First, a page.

Pfizer and Biontech’s coronavirus vaccine has now proved 95 per cent effective and has met the safety criteria needed for emergency authorisation, the companies said today.
The two firms last week published preliminary data showing the vaccine offered 90 per cent protection against Covid-19.
But the jab has now met the same efficacy rate as Moderna’s vaccine, and both are expected to be approved before the end of the year.
“The study results mark an important step in this historic eight-month journey to bring forward a vaccine capable of helping to end this devastating pandemic,” said Pfizer chief executive Albert Bourla.
He added that the company has hit the required safety milestone for the vaccine and is now preparing data for submission.
The findings are based on two doses given to more than 41,000 people in trials across the globe. The drug was found to prevent 94 per cent of over-65s contracting coronavirus with “no serious safety concerns”.
Only two per cent of participants reported a headache, while and 3.7 per cent reported fatigue, the companies said.
The UK regulator, the Medicines and Healthcare products Regulatory Agency (MHRA), is poised to fast-track authorisation of the vaccine after the government ordered enough to vaccinate 20m people.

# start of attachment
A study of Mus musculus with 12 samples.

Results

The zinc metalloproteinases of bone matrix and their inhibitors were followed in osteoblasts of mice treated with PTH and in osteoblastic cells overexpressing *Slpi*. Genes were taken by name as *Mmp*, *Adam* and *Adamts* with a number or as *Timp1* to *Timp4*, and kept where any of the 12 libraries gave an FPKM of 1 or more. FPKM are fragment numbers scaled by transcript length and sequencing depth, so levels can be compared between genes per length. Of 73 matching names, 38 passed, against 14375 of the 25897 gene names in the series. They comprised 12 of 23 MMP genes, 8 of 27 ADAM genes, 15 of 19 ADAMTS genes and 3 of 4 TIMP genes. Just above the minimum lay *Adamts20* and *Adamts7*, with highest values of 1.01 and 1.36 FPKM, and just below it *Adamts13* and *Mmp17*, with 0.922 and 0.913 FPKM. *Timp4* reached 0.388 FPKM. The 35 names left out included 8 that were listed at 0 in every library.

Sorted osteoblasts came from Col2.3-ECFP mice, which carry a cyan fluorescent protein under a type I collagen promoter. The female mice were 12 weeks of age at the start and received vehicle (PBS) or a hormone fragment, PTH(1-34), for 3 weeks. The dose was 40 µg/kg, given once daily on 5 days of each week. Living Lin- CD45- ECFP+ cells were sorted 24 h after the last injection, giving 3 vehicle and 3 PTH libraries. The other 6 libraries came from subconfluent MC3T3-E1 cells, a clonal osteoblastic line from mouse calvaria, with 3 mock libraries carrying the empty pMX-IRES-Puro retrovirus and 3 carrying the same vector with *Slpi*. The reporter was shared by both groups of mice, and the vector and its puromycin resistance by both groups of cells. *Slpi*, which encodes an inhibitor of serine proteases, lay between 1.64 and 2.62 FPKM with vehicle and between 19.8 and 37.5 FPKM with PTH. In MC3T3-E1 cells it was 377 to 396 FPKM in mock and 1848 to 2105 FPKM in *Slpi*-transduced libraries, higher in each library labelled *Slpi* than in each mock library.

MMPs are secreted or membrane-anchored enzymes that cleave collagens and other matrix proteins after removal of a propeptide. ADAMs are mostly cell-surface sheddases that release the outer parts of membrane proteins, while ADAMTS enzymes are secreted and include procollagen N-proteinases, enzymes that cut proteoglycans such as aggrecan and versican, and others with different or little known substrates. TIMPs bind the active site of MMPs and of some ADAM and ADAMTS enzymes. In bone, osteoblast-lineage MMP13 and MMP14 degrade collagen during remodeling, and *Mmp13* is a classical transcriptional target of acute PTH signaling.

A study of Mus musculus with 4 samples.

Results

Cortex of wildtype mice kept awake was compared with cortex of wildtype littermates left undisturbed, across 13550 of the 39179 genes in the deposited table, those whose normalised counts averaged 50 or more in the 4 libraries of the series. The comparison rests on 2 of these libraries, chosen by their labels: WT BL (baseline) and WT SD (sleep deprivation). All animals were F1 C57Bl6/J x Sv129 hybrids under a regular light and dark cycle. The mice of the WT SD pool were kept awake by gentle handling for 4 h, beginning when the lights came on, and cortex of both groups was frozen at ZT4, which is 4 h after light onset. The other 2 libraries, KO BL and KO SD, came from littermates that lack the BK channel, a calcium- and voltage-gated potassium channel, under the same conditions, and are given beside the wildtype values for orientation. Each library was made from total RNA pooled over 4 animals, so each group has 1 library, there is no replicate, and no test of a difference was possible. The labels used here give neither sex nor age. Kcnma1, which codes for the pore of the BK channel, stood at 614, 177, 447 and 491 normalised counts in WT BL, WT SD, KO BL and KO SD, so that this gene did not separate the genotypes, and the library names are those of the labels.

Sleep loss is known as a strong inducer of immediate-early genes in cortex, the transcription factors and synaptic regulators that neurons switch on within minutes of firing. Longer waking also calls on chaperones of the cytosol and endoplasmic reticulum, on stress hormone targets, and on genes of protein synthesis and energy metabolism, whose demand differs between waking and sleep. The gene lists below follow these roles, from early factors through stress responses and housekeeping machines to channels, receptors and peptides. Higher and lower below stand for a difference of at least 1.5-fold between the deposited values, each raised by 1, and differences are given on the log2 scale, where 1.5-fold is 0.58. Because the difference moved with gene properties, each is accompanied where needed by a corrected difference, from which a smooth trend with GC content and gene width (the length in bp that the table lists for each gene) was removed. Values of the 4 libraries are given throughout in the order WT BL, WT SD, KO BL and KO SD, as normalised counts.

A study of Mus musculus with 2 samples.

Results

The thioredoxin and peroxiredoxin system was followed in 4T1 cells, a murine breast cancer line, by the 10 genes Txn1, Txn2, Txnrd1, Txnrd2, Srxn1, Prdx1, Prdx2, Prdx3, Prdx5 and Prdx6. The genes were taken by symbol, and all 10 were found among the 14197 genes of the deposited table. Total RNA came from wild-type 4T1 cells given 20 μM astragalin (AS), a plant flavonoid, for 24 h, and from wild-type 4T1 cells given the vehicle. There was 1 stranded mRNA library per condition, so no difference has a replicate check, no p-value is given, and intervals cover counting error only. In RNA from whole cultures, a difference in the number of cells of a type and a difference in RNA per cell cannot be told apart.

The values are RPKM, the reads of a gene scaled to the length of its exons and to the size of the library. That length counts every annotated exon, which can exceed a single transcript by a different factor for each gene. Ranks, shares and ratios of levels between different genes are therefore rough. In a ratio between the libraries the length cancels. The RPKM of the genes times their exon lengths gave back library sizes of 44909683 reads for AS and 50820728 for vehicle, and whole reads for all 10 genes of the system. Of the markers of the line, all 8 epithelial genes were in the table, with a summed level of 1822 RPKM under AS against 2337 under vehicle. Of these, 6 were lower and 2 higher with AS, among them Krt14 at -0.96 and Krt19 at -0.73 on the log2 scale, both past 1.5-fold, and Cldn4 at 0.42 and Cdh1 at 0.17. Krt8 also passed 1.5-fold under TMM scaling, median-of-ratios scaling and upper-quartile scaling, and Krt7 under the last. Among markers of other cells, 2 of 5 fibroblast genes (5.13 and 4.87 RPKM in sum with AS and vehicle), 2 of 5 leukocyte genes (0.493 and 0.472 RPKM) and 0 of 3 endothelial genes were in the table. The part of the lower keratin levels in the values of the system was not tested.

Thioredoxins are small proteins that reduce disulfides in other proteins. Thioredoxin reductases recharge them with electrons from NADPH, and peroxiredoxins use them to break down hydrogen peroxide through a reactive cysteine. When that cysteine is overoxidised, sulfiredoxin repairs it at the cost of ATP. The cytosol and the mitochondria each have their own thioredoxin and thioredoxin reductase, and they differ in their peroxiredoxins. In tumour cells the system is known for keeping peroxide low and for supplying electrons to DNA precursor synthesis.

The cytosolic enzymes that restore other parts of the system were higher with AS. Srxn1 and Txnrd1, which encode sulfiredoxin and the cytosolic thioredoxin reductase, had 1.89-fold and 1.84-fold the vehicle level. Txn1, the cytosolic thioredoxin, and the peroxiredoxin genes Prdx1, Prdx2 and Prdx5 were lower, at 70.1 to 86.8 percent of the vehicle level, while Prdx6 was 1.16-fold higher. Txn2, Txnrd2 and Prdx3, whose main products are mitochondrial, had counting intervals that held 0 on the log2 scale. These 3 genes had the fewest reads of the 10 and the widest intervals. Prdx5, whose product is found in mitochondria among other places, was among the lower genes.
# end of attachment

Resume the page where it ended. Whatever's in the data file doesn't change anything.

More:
Health secretary Matt Hancock has said that the NHS will be ready to roll the vaccine out to the most vulnerable from 1 December if proven safe.
The government has spread its bets by ordering 355m doses of seven different coronavirus vaccines, with the hopes of returning the country to normality next year.
Kate Bingham, chair of the government’s Vaccine Taskforce, said the group was “pursuing a portfolio approach to obtaining vaccines for the UK across different vaccine formats, to maximise the chances of finding safe and effective vaccines.”
The UK’s top health officials last week set out the priority list for vaccination against coronavirus.
Professor Wei Shen Lim, chair of the committee, said the first phase of vaccine rollout would “prioritise the most vulnerable individuals in society, specifically people who are most likely to die from severe Covid-19 infection”.
Interim current recommendations place care home residents and care home workers at the top of the priority list, followed by older age groups from 80-plus-year-olds, going down to 60-plus-year-olds, Professor Lim said.
“Then adults with underlying health conditions, then 50-plus-year-olds, going down the age bands.”
Professor Lim added: “If phase one is completed then we will have protected hopefully over 99 per cent of those individuals who are at risk of dying from Covid-19.
“We have not decided yet on who else should be vaccinated beyond phase one. That’s not to say that they shouldn’t be vaccinated, but simply that we haven’t decided yet on prioritisation”.